The museum housed over 20 million invaluable items including Egyptian mummies, dinosaur fossils, the last recordings of regional languages no longer spoken and other irreplaceable historical artifacts. The anthropological library contained a collection of some 37,000 titles.
Richard Saunders, SUU's collections development librarian, decided to help after hearing about the library’s need for assistance through his connections with professional library organizations.
“We made an offer. We were one of only a couple of libraries in the U.S. that made really a substantive donation of material to Brazil,” Saunders said.
Thus far, the SUU Library has made several shipments of a couple of hundred books, of what is anticipated to be an ongoing donation.
Utah anthropologist Alan Schroedl said the recent fire that severely damaged Paris' Notre Dame Cathedral devastated France's "cultural patrimony."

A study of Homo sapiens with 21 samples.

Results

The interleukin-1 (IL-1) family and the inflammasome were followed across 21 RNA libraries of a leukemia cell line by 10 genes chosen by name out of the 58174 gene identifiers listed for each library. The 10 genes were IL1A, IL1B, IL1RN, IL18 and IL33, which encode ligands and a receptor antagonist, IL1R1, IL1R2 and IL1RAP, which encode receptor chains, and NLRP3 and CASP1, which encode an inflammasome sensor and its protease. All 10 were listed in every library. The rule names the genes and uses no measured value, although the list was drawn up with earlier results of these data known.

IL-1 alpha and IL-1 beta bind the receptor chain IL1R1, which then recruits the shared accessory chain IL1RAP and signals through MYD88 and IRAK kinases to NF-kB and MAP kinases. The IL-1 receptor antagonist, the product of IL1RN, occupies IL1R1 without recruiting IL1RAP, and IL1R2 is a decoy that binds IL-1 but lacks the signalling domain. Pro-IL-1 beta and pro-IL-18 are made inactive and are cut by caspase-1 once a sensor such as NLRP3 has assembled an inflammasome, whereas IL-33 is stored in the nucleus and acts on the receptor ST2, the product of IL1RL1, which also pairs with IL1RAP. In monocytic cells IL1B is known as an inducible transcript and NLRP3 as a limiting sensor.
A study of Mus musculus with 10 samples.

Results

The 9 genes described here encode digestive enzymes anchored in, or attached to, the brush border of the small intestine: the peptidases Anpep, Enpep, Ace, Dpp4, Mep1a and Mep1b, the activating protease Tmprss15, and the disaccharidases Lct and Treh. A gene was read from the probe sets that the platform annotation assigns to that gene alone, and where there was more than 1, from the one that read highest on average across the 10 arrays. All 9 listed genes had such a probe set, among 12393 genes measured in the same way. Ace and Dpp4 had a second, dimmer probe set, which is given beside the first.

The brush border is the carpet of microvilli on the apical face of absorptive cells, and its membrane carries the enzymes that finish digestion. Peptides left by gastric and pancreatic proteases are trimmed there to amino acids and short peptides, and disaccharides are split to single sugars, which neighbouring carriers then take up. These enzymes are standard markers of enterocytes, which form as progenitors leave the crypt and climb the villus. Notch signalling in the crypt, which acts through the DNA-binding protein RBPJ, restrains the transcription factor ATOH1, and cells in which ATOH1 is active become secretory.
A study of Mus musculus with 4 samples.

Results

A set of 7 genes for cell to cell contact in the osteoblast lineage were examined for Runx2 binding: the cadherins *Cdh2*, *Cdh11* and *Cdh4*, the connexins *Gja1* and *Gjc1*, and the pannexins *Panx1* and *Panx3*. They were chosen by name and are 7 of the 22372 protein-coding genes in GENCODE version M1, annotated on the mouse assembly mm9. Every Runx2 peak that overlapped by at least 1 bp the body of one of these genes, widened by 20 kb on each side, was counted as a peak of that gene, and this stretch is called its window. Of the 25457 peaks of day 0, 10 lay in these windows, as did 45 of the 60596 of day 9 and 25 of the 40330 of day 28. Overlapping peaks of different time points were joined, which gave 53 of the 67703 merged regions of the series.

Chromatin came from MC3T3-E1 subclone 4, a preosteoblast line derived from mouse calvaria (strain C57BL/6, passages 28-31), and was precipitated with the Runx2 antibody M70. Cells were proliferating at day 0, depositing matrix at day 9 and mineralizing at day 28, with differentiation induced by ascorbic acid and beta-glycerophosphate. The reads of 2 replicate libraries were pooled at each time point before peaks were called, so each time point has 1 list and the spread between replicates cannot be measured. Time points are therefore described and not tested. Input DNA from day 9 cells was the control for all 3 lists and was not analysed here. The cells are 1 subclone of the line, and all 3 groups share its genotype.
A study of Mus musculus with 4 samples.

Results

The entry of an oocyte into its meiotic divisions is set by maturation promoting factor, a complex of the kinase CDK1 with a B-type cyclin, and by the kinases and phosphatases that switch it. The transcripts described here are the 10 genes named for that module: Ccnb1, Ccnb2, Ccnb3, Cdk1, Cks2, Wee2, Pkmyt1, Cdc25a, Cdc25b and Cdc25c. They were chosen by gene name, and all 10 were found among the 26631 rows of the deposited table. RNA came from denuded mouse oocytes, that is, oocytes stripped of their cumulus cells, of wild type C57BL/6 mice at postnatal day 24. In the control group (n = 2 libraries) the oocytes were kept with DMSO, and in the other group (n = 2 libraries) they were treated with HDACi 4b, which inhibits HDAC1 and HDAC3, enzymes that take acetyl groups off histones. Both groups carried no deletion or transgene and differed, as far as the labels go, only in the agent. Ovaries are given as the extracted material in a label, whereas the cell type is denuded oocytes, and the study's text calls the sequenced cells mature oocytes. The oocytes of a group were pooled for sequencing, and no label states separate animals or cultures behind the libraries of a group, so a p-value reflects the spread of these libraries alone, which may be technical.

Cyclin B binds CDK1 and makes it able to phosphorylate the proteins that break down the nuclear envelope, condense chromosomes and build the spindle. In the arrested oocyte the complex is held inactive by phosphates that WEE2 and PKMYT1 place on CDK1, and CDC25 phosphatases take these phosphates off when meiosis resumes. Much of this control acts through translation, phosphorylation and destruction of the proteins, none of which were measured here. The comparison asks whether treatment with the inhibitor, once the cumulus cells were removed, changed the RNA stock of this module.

“Last year’s fire at the National Museum of Brazil was just as devastating to the cultural heritage of the people of Brazil," said Schroedl.
Brazilian leaders said 200 years of work, research and knowledge were lost.
Paula Mello, chief librarian of the Federal University of Rio de Janeiro, issued a call for donations on the internet.
"For the first shipment, Professor Saunders sent over a list of 3,200 titles of which we selected a bit more than 500,” said Carlos Fausto, anthropology faculty member at Federal University of Rio de Janeiro.
Many of these collections given to Brazil were originally donated to SUU by Schroedl. Many of the titles in Schroedl’s collection focus on Brazil and surrounding areas.
“I am very pleased that some of the anthropology books that I donated to SUU will be sent to Brazil to help them start rebuilding their library,” Schroedl said.
“It will require years of worldwide cooperation to help rebuild the collections at the National Museum of Brazil.
The Gerald R. Sherratt Library has also sent several books that are now out of print.
“Good things happen when people are willing to stand up and do things for simple reasons,” Saunders said.
“Nobody’s going to make any money off of this, but I’m hoping that it will do something good for a country that really has given a lot anthropologically to modern day society,” he added.